Oct. 15, 2011 - 08:47AM   |   Last Updated: Oct. 15, 2011 - 08:47AM  |  

Sen. Mark Begich, D-Alaska, proposed an $8.7-billion discretionary budget earlier this month for fiscal 2012, in line with the service's request and about $115 million below fiscal 2011 levels. The Senate version of the authorization bill sets similar funding levels as the House bill, which authorizes $8.5 billion.

"Senator Begich strongly supports the Coast Guard and thinks its budget needs to be plussed up to account for increased missions in the Arctic," Begich spokeswoman Julie Hasquet said. "But we also have to respond to demand from the administration and the public to cut spending."

The Senate's Coast Guard authorization bill, S 1665, requires the service to operate at least two heavy polar icebreakers at any one time and authorizes it to study building a deep-water sea port in the Arctic.

"With increased energy development and maritime activity, our nation must ensure that the Coast Guard has the capabilities to operate in the Arctic waters," Begich said during a Senate subcommittee hearing this summer on the Arctic. "That includes icebreakers, which we are sorely lacking."

The Coast Guard estimates it will need at least three heavy and three medium icebreakers to meet minimum mission requirements as the polar ice cap melts.

The service has three polar icebreakers — one is inactive, and another isn't expected to return to operations until 2013.

The Senate authorization bill cuts $200 million from acquisitions, to about $1.4 billion.

Hasquet said cutting acquisitions is "not ideal as the Coast Guard has major needs for vessels and aircraft."

"We are separately looking for ways to address the critical need for the Coast Guard to modernize its aging cutter fleet and maintain icebreaker capability," she said.

Leasing an icebreaker?

Some lawmakers on Capitol Hill are suggesting the Coast Guard lease hulls instead of building icebreakers.

Legislation introduced Oct. 5 in the House calls for the service to sign long-term leases to build its icebreaker fleet.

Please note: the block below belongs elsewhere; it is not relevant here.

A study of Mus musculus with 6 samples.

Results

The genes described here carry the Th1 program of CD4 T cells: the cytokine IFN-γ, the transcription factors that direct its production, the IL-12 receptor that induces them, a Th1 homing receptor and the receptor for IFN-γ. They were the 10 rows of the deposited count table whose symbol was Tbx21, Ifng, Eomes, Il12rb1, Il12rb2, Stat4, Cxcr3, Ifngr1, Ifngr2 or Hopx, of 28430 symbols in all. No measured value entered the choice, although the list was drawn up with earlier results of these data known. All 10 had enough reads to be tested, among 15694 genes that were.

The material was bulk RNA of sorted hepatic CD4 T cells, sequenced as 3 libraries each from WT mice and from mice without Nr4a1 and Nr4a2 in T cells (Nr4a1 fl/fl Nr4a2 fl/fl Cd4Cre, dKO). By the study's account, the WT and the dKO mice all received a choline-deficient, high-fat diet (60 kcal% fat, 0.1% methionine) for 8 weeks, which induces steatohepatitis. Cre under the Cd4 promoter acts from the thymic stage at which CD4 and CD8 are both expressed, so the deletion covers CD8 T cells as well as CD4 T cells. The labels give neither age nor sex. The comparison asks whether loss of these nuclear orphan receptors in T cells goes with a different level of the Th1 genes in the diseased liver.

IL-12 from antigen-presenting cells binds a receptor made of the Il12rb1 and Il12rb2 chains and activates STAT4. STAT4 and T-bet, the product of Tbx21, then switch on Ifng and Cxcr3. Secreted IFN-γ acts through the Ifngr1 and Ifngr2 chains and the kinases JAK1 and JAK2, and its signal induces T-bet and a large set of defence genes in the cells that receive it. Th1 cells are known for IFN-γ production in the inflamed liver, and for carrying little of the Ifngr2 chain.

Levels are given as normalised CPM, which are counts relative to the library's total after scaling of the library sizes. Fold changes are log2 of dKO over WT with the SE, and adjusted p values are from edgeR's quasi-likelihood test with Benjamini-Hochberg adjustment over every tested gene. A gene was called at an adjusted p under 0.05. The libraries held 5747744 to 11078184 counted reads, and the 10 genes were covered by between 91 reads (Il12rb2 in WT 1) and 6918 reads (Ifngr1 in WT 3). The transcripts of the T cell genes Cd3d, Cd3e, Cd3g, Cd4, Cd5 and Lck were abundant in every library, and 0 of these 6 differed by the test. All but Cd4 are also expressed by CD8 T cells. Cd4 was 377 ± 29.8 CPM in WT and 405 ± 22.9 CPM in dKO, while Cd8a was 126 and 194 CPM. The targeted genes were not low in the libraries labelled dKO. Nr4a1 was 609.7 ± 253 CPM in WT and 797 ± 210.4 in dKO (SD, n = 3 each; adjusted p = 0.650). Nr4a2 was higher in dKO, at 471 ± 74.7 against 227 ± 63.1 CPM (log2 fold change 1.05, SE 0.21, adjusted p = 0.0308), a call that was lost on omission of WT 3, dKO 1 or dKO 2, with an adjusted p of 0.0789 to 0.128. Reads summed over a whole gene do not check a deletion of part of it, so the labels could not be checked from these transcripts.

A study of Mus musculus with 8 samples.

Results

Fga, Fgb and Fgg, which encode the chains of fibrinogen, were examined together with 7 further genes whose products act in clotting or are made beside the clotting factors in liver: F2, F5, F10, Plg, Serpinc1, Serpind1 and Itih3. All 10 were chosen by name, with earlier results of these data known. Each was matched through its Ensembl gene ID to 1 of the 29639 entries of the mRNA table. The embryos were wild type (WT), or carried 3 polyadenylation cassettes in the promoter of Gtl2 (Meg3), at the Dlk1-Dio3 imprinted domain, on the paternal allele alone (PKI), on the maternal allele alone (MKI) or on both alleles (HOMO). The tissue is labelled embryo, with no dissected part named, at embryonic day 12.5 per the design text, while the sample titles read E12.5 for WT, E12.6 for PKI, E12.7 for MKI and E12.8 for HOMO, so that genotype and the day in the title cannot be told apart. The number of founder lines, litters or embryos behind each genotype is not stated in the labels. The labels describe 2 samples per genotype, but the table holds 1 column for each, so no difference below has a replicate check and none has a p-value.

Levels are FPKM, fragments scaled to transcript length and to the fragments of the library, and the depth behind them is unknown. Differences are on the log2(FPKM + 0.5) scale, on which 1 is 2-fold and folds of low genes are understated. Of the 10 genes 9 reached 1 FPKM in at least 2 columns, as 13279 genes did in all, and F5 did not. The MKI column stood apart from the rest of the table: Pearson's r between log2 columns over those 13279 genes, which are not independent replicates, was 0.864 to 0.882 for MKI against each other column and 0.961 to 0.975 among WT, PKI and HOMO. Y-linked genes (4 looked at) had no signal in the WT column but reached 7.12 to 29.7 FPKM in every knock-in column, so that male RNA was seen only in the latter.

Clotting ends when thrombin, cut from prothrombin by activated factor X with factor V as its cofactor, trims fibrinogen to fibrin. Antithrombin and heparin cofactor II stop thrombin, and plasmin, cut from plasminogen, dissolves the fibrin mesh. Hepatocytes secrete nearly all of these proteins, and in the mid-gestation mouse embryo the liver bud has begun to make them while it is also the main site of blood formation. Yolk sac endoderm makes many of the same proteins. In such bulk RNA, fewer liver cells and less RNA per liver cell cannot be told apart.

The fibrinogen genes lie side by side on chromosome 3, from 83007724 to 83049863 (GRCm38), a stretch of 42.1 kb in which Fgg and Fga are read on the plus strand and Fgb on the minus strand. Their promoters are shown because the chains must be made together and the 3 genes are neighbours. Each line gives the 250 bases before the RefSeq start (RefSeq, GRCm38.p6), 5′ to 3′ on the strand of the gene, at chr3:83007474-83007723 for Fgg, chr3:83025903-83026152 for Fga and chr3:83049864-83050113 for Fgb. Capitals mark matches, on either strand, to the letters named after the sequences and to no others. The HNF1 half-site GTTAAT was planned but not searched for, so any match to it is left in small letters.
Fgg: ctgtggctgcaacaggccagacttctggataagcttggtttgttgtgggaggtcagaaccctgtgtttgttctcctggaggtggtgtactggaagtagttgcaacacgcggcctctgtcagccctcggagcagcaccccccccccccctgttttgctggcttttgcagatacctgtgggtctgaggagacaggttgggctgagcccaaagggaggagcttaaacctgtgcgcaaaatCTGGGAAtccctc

The House bill, HR 3113, requires the Coast Guard to enter lease agreements for two icebreakers within four years, with each lease required to last 10 years. The bill was introduced by Rep. Don Young, R-Alaska, who said the U.S. is being beaten in the race for the Arctic "by the likes of China and Russia."

"In these difficult budgetary times, leasing should be considered as an option to relieve stress on annual budgets," Young said in a statement announcing the bill. "My legislation does that while modernizing our icebreaker fleet so that we are able to compete with any other country in the world."

Papp: Arctic resources needed

Coast Guard Commandant Adm. Bob Papp and other service leaders have pushed in recent years for Congress to provide resources so the service can prepare for bigger Arctic missions.

Papp told Navy Times in September that the Coast Guard "currently has zero resources to apply in the Arctic on a full-time basis."

"We don't have a distress response system up there, and it's very hard to get word down to south Alaska in terms of providing responses for just even simple search and rescue," Papp said. "And even if we do get the word, the closest air station is in Kodiak. That's, at a minimum, about a 10-hour transit."

Papp told Navy Times that until now, the 17th District — which oversees Coast Guard operations in Alaska — has governed the service's response to diminishing ice and its effect on operations. But a national-level team of experts, he said, has been put together to determine how the Coast Guard will advocate for resources and put them in Alaska.

"We don't have any command and control, or anybody permanently up [on Alaska's northern slope]," Papp said. "We don't even have a hangar where we could put a couple of helicopters or an aircraft.

"There has to be some level of minimal Coast Guard resources up there to be able to sustain a forward operating base."